The Canada West Foundation says 40 per cent of employees could perform better if they improved on basic skills – such as math, reading, and writing – all of which can be provided relatively easily by employers.
“If every worker had the essential skills needed to do their jobs really well, productivity and competitiveness in the West would soar,” argue the study’s authors Janet Lane and Scott Murray.
The foundation stressed that the missing skills are not advanced or necessarily technical in nature but that many workers are still held back by a lack of ability in things like basic computer skills, literacy, numeracy, and even working with others or as part of a team.
High-school leavers and uni grads alike
The report reveals that roughly half of people who didn’t finish high school are missing such essential skills but they’re not the only ones who could do with some extra tutoring.
Worryingly, even highly-educated employees are missing vital skills, with approximately 30 per cent of university graduates lacking basic skills that would help them be better at their jobs.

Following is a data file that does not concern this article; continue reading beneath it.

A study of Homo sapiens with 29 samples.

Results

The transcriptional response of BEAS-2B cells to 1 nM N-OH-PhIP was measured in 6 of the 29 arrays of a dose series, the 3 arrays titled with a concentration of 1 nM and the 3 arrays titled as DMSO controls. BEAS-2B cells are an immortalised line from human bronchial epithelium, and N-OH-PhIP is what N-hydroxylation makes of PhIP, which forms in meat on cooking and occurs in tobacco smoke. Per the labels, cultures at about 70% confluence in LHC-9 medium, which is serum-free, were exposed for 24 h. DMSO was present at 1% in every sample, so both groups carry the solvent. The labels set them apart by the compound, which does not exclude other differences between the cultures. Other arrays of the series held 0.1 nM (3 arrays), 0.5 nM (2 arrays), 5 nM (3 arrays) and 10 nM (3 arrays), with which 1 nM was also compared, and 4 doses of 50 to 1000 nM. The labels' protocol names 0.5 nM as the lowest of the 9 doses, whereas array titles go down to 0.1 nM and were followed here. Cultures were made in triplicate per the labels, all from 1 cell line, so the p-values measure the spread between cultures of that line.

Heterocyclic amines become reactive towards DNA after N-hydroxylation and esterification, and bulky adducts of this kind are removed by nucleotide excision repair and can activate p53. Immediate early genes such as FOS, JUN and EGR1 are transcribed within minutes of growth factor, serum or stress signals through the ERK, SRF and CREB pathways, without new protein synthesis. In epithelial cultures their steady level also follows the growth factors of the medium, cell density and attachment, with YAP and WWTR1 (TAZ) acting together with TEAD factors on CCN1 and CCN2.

The report also says immigrants have skills shortages of between 10 to 16 per cent higher than the non-immigrant population.
No industry exempt
Employers are wrong if they think the data doesn’t apply to their own industry, warn Lane and Murray.
“Every sector of the economy could improve its productivity by helping its workers increase essential skills,” they say, adding that shortages are present across occupations and job types in all sectors.
“They exist in many demographic groups, vary by occupation and province, and average 40 per cent,” they confirm.
Building essential skills
Now, the study’s authors are urging employers to offer basic skills training to their workers – for the sake of Canada’s economy and their own companies.
“Building these essential skills would improve the capacity of workers to do their jobs well and provide a much needed boost to labour productivity,” they say.
A large percentage of employees are under-equipped to do their jobs and it’s hurting Canada’s productivity – luckily, the solution is well within reach, suggests one new report.